Saturday, July 27, 2013

Stratosphere Analysis - July 27, 2013

The 70mb temperatures are, for the first time in many years, well above normal, and have been for some time now. My question is, will this encourage a weaker polar vortex this winter? This brings about the battle between an abnormally warm lower stratosphere and the now-mature positive QBO, which is detrimental to the weakening of the polar vortex. I brought about the very hostile environment this +QBO is currently in a little while ago, but it is managing to survive in this environment. Thus, we must consider the possibility that there will be a +QBO battling this warmer-than-normal stratosphere. If this does happen, I do not believe these two items would cancel each other out- such an occurrence in the synoptic-scale is rather uncommon. 

Which side do I believe will win? The 'good guy' (above average strat temps), or the 'bad guy' (+QBO)? The answer is not nearly as simple as you may want it to be. I think the positive QBO will have undergone serious damage by the time late fall comes around, while the above normal strat temps (barring any significant cooling for the rest of the summer and into the fall) should persist into the winter. While the temps may or may not persist into the winter, I firmly believe the effects of these above normal strat temps we have already seen will come into play for this winter. 

I will have more details on the stratosphere in the near future. Also, this blog will begin to see more heavy-duty weather information like the things above.  I will try to maintain as easy a reading level as possible, but as we enter fall, be prepared to see some hardcore weather posts.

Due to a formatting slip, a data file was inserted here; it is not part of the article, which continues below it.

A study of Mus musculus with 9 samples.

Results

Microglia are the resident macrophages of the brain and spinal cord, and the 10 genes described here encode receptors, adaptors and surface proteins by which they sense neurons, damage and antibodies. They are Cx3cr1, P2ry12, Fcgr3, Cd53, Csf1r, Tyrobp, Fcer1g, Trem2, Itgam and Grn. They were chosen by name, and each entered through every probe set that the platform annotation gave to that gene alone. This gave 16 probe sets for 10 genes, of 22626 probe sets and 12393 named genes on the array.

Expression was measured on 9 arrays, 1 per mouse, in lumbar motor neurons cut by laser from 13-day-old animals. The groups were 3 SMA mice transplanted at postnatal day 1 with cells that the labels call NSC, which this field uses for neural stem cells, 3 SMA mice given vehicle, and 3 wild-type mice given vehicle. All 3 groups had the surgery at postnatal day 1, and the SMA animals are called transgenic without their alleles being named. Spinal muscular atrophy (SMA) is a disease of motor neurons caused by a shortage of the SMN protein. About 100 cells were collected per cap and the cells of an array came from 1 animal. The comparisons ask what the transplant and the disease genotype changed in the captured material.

Eric (weather advance) said...

Andrew, you've had some good posts of late, but I will say this, I have made several posts on the solar cycle-stratospheric warming connection & just about all of the significant warming events have either occurred in times of minimum or maximum solar activity within the overall solar cycle & considering that we are currently in the peak of the solar cycle, along with temperatures already warmer than normal (really won't matter much until we can actually get significant snowpack on the ground in October) I certainly favor a warming event to occur this upcoming winter, which will beg the question, where exactly would the cold air go in such a pattern? This is a question we may not know for quite sometime

Frank-o said...

Bring on the "HARD-CORE" post!!! Can't wait till September!....I'm a winter time dog!! LOL!...(;-)

Alicia Smith said...

Are you using thipe "hard core" post to describe preliminary winter forecasts? I love detailed discussions about the winter factors!